Unity's .SetActive vs .SetActiveRecursively

A story of how fixing warnings broke all my code. It's all very well obsoleting this stuff, but you have to make sure it's still compatible...

At some point during the 4.x cycle, Unity switched the way that a GameObject is activated and deactivated in a scene at runtime. Previously, there was a boolean .active property, and a method called SetActiveRecursively() that could be used. This leads to some confusion: if I set a.active = false then what is the state of a child of a? Assuming that all children of a are automatically disabled too, what's the purpose of SetActiveRecursively()?

The recent change obsoletes the original members and adds a single place to change state: the SetActive() method. This new method sets the state only on the current GameObject but, as expected, all descendant objects are automatically disabled. Two readonly properties can be queried to examine the active state of a GameObject: activeSelf will return the value set through SetActive(), where activeInHierarchy will return true only if the GameObject and all of its parents are enabled. It's possible therefore for activeSelf to be true even though activeInHierarchy is false - when a parent object has been disabled - and in this case the GameObject is disabled in the scene.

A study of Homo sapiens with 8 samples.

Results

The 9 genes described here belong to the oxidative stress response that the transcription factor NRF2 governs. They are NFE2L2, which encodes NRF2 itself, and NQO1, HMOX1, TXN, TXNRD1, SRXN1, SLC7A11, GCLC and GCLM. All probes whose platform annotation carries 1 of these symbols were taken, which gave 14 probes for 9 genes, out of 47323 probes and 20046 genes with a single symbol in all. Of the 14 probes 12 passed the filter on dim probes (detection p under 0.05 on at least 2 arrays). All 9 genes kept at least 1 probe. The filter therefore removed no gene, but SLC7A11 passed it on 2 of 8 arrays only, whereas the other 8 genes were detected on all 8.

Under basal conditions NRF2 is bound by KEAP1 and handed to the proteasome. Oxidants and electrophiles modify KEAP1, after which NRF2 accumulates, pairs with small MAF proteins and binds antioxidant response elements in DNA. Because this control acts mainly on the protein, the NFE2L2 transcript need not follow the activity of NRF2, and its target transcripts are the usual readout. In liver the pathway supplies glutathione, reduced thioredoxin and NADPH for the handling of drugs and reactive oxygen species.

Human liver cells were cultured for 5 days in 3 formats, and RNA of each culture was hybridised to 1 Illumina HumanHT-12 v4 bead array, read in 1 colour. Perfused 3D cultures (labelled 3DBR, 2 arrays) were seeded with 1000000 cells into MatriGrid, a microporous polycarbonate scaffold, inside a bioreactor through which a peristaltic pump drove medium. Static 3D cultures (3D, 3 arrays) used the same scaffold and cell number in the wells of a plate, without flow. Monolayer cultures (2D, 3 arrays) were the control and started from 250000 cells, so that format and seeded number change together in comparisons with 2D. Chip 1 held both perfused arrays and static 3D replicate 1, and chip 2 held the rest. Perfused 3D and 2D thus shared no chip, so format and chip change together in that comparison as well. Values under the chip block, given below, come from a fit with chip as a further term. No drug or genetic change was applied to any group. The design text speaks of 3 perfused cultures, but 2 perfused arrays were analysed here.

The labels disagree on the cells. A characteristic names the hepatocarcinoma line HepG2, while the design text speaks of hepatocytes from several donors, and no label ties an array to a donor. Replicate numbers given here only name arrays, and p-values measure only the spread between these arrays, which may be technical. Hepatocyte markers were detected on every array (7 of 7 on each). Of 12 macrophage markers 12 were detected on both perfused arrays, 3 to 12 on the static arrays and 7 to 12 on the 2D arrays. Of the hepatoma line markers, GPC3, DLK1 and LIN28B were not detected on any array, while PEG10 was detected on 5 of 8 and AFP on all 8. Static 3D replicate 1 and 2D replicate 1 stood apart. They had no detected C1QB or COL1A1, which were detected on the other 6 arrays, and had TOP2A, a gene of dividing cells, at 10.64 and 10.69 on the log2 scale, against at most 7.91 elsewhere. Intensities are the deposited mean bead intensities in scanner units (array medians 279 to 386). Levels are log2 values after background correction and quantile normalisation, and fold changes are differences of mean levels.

This is a Good Thing: it makes the API much clearer and more intuitive. However, it's not quite backward compatible, as I found out after tidying up some code.

I'd addressed some compiler warnings by replacing some obsolete SetActiveRecursively() calls with SetActive(). Suddenly, things went awry: runtime errors spewing through the console. My "quick tidy-up" had broken everything! What had happened is that SetActive() isn't a drop-in replacement for SetActiveRecursively(), even though the compiler warning suggests the switch.

When you call SetActive(), the change in value doesn't take place until the end of the current frame. With the old methods, the change would happen immediately. This coul be a hugely important distinction because, in my case, the following line of code was a call to GetComponentInChildren - which explicitly only returns components from active GameObjects. The call was returning nothing, because the object wasn't going to be active until the end of the frame.

The available solutions were to introduce a frame's delay (which gives a whole slew of new problems), switch the call to GetComponentsInChildren (which has an override that will include results from inactive objects, but that can get messy in a complex scene), or continue using the obsolete call. For the sake of not breaking existing code, I had to stick with the obsolete call.

This highlights why backward compatibility in an API can be massively important - and why it's doubly important to have the behaviours of a public API well-documented: subtle changes can have huge effects!